Sepsis Research FEAT (The Fiona Elizabeth Agnew Trust) and the Scottish Government have today ( 1st of September 2022) launched the Sepsis Awareness Month Campaign. The aim of the campaign is to increase public awareness of sepsis across Scotland and to tell people how to recognise the key symptoms.

Sepsis is a deadly condition that occurs when the body’s response to an infection spirals out of control and begins injuring the body’s own tissues and organs, which can lead to organ failure. Sepsis is a condition that each year claims the lives of 4,000 people in Scotland.

Speaking at the launch of the campaign, Chief Operating Officer at Sepsis Research FEAT, Colin Graham said: “Sepsis Research FEAT is proud to mark the beginning of Sepsis Awareness Month 2022 with our new campaign in partnership with the Scottish Government. This will be our largest campaign yet and will help us reach an even greater number of people and educate them about the symptoms of sepsis that everyone in Scotland should know about. We are grateful to Mr Yousaf for joining us to help launch it with the incredible GenOMICC team at the University of Edinburgh’s Roslin Institute. 

“Sepsis is a medical emergency. It is a devastating condition that can kill a previously healthy adult in hours. Even those who survive are often left with long term physical or psychological effects. Sepsis Awareness Month, which is observed worldwide every September, is always an important time for our charity to spread the word about sepsis. We’re asking everyone in Scotland to get involved this year by sharing our awareness campaign and learning the five key symptoms to help save lives.”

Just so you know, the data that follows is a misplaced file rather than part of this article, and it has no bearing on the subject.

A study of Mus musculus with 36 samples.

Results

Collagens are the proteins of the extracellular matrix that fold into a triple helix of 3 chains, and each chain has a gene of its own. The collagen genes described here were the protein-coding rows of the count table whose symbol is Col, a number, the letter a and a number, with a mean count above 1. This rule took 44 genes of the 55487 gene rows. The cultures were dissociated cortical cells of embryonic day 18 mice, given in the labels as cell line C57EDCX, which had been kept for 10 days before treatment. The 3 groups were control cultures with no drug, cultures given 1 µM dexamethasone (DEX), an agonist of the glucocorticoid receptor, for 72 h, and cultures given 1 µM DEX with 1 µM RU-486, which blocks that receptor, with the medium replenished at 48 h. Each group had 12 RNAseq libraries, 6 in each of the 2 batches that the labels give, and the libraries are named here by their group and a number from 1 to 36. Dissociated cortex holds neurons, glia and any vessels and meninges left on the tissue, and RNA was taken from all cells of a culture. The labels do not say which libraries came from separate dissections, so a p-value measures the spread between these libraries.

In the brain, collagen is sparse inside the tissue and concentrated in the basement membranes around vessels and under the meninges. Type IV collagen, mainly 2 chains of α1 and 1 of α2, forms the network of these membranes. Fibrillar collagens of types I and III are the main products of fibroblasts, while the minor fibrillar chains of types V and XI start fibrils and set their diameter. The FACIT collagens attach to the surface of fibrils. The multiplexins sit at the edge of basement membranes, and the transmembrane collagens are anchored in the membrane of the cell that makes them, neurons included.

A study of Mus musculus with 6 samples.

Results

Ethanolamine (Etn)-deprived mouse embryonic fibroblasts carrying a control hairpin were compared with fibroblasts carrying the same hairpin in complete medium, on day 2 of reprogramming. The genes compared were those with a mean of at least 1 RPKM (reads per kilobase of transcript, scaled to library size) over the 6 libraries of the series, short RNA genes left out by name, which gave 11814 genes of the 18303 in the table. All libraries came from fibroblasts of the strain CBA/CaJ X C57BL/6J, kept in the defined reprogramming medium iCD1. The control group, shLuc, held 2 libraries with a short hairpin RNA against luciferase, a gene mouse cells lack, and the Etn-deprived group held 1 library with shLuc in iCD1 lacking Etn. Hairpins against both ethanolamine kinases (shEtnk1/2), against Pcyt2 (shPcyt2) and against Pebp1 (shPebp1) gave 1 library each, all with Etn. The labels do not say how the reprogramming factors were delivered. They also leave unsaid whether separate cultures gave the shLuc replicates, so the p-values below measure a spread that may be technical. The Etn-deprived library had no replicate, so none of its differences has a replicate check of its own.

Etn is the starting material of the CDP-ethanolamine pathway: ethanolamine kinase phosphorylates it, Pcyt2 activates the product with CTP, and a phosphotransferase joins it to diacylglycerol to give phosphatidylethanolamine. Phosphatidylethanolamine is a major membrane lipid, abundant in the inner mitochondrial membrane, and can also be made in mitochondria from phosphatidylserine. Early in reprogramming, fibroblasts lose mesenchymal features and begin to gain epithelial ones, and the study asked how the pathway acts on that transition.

The 5 five key symptoms of sepsis that the campaign will highlight are:

  • Confusion 
  • Not passing as much urine as normal
  • Very high or low body temperature
  • Uncontrolled shivering
  • Cold or blotchy arms and legs

Speaking on the campaign, Health Secretary, Humza Yousaf said: “I am delighted that the Scottish Government is continuing to work with Sepsis Research FEAT to raise public awareness of the symptoms and dangers of sepsis.

“Patient safety remains key to delivering safe and effective care to all patients every time they access healthcare services and the Scottish Government’s Scottish Patient Safety Programme continues to make progress in its action on sepsis. Focusing on early identification is critical and treatment within one hour of recognition has led to mortality rates among those identified at this stage falling by 21% since 2012.

“Sepsis Research FEAT plays a vital role in funding research into this devastating disease and in making the public aware of the symptoms, and the Scottish Government is supporting them in their efforts.” 

Sepsis Research FEAT is the only UK charity that exists to fund research into the condition as well as increase awareness of it. The month-long campaign will also include World Sepsis Day which is on the 13th of September.

To mark the day, Sepsis Research FEAT has launched a fundraising campaign called ‘Give us 5!’. In order to highlight the symptoms and increase awareness of the condition and to recognise the five lives that are lost to sepsis every hour in the UK, people are being encouraged to give five of something towards the campaign.

 This could be giving a five minute talk, a five hour long event, covering five miles on land or over water or donating from as little as £5.

For further information and to find out how to get involved in the Give us 5! Campaign visit: https://sepsisresearch.org.uk/sepsis-awareness-month-2.